BART Strike: Faux Point-Counterpoint Gives Commuters an Even Less Clear Picture of Labor Dispute

After way too many days at the negotiating table, and with little progress, BART riders still don't understand why the unions and BART management can't get their shit together and just promise we'll have a ride to work come Thursday when the governor's 60-day cooling off period ends.

In effort to help commuters get why neither side is willing to get over themselves, here's a point-counterpoint from BART and the unions. Let's see if you can figure out what's going on here.

Point: We Shall Grease Our Tracks with the Blood of All Our Workers

By Faux BART Chief Negotiator Thomas Hack

As BART looks to the future, it's clear that there are many challenges. Our pension liability alone presents a significant fiscal obligation that we simply cannot meet given current contractual realities.

But perhaps a more pressing issue is this: Where the hell did the 4:15 p.m. train from Pittsburg/Bay Point go? Has anybody seen it?

Shit.

Current fiscal projections suggest that unless we can get our employee expenses under control, we will never have a stable system. That's why it helps if you think of our employees as cogs in a machine. People don't bring stability, but cogs do. Good 'ol reliable cogs.

Fuck, that train's gone, isn't it.

It's one thing when a train breaks down in the Transbay Tunnel and backs up service for hours. We know how that happens, and are on track to acknowledge the problem by 2016. It's all part of our five-year plan to get you to forget how terrible the service in 2011 was.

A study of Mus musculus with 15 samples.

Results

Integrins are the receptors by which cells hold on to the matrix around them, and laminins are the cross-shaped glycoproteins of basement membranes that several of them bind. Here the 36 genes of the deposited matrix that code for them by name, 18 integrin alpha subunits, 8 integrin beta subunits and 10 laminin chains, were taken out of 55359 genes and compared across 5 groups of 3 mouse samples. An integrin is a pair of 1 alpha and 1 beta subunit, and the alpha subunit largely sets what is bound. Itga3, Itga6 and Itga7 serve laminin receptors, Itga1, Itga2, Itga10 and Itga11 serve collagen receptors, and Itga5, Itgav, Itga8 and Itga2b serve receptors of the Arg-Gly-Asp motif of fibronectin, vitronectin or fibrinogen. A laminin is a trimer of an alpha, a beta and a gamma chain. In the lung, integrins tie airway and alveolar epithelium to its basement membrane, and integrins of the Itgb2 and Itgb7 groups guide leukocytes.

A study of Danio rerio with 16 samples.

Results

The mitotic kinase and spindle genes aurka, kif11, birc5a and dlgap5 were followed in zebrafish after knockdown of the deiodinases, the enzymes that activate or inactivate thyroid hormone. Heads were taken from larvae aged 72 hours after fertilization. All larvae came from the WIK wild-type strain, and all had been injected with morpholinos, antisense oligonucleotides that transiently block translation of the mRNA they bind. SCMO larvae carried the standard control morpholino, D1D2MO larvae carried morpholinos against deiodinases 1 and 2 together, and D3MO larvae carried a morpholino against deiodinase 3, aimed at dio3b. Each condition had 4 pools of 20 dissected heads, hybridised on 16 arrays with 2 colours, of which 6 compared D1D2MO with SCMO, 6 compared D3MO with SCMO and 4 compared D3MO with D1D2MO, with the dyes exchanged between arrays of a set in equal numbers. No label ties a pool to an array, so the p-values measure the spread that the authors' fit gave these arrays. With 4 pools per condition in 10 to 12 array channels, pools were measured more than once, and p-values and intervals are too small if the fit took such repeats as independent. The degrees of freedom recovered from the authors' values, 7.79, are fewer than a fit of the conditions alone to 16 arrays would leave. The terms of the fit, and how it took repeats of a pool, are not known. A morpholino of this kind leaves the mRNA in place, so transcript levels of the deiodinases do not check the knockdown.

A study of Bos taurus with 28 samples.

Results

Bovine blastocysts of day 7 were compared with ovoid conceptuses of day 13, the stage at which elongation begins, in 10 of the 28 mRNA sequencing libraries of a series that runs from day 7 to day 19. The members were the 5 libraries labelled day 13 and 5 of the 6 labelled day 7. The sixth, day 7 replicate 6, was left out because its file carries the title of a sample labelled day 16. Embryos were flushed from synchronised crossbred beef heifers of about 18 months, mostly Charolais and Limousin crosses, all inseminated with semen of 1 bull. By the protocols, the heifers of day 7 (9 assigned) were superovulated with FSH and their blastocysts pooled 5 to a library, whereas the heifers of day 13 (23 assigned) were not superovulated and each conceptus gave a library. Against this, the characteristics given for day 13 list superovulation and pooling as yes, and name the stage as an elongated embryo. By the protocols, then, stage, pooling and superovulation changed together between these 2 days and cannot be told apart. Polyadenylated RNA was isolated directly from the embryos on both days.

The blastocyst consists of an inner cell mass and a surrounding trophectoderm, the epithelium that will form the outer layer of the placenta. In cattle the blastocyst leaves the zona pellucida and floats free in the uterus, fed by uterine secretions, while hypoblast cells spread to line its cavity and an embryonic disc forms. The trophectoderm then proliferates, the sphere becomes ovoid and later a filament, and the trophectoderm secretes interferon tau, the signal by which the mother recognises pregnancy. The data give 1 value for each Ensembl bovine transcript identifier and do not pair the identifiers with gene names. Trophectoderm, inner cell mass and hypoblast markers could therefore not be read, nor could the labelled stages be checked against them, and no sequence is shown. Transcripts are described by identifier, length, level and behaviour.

Look, I'm not saying that our employees aren't people -- only that we can't think of them as people in this economic climate. By not thinking of them as people, we're on track to realize tremendous savings. It's a strategy successfully used by Wal-Mart, Starbucks -- all your favorite companies.

If all goes well, we'll be able to stop thinking of our riders as people, too. Although they'll never be cogs to us. More like cattle who are transported from one meaningless destination to another by cogs who have no health care. It's the natural evolution of the BART system. Deep down we all know it.

How do so many trains disappear? Off the schedule completely? They're on tracks, for fuck sake!

I'm also not saying that BART is a wasteful system, although I am asking if anybody knows how to fix an escalator. That would be really helpful, if we could fix those. And don't even get me started on the elevators -- because I actually have no idea how those are working. Or how many we have.

I should probably find out and write it down.

But we can't commit to keeping every cog safe on the job. That's just unreasonable. We can barely keep every passenger safe. We're just not organized enough to look after both our riders and our employees. It's too much to ask. The rats in those tunnels are enormous.

If the cogs want safety, they should go into another line of work, like BART management. I'm constantly impressed by how well my door locks.

Now Read The Unions' Response on the Next Page


canaryincoalmine
canaryincoalmine

Everyone that works for a living, knows the price$s of food, rent and transportation has sky rocketed, since 2008.  Nobody can deny that a $20 dollar bill today only goes as far as $10 did last year and even if you got a raises in the past 5 years, you're barely breaking even. 

Now ask yourself, is this how you want to live for the next 5 years to 10 years?  Right now BART employees are the 'canary in the coal mine'.